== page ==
Rosemary and basil aubergines in za'atar
One of the books I'm most enjoying at the moment is Mark Diacono's Herb which is perfectly suited to a man who is a great gardener as well as a cook (and the most engaging writer as well as taking all his own photographs. Sickening, really!)
This recipe is for one of my favourite ingredients, aubergines, and is wonderfully simple.
Mark writes: This is my favourite way with aubergines, and one that shows how they take beautifully to so many herbs. The oregano in the za’atar and the rosemary lend flavour to the cooking aubergines, while the fresh basil scattered to serve completes the picture. Adding the rosemary for the last few minutes aromatizes the aubergines;
I know ‘aromatize’ sounds like the sort of unwelcome thing a garage unexpectedly does to your car when you’ve taken it for an MOT, but I promise it is the best word for it. It is as if resinous smoke has been blown through every pore of the aubergine, without a trace of the bitterness that comes with roasting rosemary sprigs until they resemble the skeletons of sparrows’ legs.
Try this with roast lamb, griddled courgettes, couscous and pretty much any cold cuts.
Rosemary and basil aubergines in za'atar
4 aubergines (eggplant), quartered lengthways
4 tbsp olive oil
a few good sprigs of rosemary, broken into 3cm (1in) pieces
4 tbsp za’atar (see below)
sea salt and freshly ground black pepper
For the dressing
50g (2oz) tahini
1 tbsp yoghurt
juice of 1 lemon
2 garlic cloves, finely chopped
2 tbsp olive oil
hot sauce or chilli flakes
handful of Greek basil leaves, or other basil finely shredded
Preheat the oven to 200°C/400°F/gas mark 6.
Lay the aubergine quarters in a single layer on baking sheets, brush with oil, and sprinkle with salt and pepper. Place in the oven, turn the heat down to 180°C/350°F/gas mark 4, and cook for 20–25 minutes until tender and brown.
Make the dressing by whisking all the ingredients together with 2 tablespoons water; use a little more water if required, to reach a consistency of double (heavy) cream.
Mix the rosemary, za’atar and a heavy grinding of pepper in a bowl. Remove the aubergines from the oven, top with the za’atar mix, drizzle with more oil and return to the oven for 5 minutes.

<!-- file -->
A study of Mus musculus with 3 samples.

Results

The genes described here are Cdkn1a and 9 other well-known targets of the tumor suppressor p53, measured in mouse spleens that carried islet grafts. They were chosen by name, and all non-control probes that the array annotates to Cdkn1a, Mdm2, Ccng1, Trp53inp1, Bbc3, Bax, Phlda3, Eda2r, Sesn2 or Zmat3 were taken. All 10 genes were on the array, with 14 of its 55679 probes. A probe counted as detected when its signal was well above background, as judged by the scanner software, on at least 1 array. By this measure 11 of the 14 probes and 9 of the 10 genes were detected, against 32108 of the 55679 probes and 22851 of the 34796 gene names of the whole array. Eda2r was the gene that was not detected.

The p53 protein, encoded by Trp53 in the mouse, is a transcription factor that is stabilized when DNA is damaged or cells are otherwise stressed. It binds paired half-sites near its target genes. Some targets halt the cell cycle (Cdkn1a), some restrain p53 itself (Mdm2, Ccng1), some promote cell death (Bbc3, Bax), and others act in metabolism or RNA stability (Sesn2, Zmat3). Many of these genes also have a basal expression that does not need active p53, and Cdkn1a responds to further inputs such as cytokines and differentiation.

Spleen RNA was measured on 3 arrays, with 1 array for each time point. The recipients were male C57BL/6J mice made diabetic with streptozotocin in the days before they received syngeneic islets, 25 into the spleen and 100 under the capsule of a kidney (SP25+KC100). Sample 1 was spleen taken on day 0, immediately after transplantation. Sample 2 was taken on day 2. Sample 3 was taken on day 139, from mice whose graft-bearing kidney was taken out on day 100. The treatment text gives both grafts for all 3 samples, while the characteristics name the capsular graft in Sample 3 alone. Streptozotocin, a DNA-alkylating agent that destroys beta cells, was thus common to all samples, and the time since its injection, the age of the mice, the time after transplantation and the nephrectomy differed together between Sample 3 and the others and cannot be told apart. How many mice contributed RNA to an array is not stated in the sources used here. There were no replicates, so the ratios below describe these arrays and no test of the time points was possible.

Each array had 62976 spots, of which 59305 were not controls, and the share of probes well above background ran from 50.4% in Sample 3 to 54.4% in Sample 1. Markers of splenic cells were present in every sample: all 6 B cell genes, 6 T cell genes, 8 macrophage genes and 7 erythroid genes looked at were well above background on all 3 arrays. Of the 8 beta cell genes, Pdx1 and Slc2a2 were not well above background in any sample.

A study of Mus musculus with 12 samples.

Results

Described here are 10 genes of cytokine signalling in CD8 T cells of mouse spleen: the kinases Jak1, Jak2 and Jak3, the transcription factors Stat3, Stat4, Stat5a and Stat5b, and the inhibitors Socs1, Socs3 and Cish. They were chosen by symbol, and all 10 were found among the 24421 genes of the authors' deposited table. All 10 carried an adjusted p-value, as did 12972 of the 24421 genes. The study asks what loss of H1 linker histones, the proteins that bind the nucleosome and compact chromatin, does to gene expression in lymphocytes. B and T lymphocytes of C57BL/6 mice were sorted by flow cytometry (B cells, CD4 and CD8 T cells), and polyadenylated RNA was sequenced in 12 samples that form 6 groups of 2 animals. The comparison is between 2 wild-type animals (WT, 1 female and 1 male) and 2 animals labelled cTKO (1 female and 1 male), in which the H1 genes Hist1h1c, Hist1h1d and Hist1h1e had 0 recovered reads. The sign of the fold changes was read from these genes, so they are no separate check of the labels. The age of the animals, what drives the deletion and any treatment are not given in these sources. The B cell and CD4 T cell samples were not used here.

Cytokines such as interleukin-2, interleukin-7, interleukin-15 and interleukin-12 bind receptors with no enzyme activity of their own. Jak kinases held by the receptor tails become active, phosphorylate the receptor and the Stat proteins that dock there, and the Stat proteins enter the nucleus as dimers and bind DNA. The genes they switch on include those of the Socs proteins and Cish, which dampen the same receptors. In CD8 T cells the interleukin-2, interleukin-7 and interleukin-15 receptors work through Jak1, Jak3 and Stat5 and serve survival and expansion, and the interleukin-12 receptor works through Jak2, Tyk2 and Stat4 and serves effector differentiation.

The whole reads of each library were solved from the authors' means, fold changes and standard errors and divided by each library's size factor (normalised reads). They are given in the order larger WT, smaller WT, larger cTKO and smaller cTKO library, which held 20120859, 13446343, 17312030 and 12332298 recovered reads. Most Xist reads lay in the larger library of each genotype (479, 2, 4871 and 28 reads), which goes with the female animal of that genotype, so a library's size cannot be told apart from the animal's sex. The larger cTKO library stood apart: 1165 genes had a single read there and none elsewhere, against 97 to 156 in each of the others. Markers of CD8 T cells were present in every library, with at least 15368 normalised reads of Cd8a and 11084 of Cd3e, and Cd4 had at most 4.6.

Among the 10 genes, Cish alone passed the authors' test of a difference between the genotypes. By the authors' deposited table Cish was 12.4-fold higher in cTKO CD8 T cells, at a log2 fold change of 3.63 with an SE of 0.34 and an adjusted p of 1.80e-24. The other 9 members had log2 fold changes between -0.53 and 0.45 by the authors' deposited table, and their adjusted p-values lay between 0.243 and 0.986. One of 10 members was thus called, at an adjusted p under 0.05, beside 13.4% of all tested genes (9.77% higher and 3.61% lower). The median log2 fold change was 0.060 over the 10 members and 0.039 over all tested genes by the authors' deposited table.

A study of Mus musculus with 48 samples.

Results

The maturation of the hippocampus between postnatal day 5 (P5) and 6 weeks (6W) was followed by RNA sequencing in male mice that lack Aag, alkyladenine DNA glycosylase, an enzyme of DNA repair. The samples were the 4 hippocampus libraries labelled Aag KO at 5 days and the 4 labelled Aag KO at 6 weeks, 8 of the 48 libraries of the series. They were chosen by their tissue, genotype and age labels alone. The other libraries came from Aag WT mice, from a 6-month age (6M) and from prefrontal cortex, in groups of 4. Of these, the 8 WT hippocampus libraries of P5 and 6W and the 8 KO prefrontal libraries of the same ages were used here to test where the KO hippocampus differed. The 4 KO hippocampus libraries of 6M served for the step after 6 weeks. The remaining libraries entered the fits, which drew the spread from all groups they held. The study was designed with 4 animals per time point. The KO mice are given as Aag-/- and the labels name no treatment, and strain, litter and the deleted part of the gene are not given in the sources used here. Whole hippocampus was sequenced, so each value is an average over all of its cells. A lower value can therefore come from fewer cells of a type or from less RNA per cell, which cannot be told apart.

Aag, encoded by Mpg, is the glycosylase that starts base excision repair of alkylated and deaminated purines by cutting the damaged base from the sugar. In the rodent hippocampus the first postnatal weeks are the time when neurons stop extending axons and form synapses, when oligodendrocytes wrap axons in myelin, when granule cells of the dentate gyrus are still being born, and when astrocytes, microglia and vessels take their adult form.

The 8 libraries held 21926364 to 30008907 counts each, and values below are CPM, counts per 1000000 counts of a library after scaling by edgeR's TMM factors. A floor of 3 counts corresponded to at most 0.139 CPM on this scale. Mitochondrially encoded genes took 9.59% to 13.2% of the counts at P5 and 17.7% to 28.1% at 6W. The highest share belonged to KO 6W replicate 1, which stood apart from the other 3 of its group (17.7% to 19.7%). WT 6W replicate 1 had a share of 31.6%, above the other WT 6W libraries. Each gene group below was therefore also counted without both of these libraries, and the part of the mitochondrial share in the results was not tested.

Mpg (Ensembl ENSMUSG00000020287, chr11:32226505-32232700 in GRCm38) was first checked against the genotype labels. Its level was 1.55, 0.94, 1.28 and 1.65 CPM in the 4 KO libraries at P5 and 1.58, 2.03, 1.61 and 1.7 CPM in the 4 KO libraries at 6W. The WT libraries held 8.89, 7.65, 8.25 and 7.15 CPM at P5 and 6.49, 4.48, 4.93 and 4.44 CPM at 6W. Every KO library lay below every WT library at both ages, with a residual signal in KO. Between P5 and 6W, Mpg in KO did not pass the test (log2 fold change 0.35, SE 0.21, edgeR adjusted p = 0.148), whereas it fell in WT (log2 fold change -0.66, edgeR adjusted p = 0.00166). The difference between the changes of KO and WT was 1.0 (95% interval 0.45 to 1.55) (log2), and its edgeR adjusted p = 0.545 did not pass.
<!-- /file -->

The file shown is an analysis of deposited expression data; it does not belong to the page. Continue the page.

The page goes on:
Drizzle with the tahini dressing, pomegranate molasses, hot sauce or chilli flakes and scatter with basil.
Depending on your threshold for authenticity, you may be frustrated in searching for the one true herb at the heart of za’atar. Hyssop, wild oregano and savory are among the prime suspects; all create a wonderful version of this classic blend. I usually go with the lightly citrus zing of Mexican oregano in summer, and hyssop or winter savory in the colder months. As with chaat masala, once you start making and using this, you’ll find yourself sprinkling it on everything from oily flatbreads to eggs on toast.
Makes a small jarful
3 tbsp sesame seeds
1½ tbsp ground cumin
2 tbsp sumac
2 tbsp dried Mexican oregano, dried marjoram, oregano, savory or hyssop
1 tbsp salt
Lightly toast the sesame seeds in a pan over a medium heat, shuffling them around a bit to ensure they don’t turn too dark. Combine all the ingredients together with a mortar and pestle, as much as anything to encourage the flavours and scents to be released as they mix.
Store in a sealed jar, where it will keep for a few months, losing intensity over time.
What to drink: I'd be marginally inclined to go for a bright, fruity red like a young syrah or grenache with this but a herby Italian white like a verdicchio or a vernaccia or even an orange wine would work too. Or a strong dry rosé. Probably in the natural wine spectrum.
Extracted from Herb by Mark Diacono (Quadrille, £26). You can read more about Mark - and indeed buy herbs from him - on his website Otter Farm.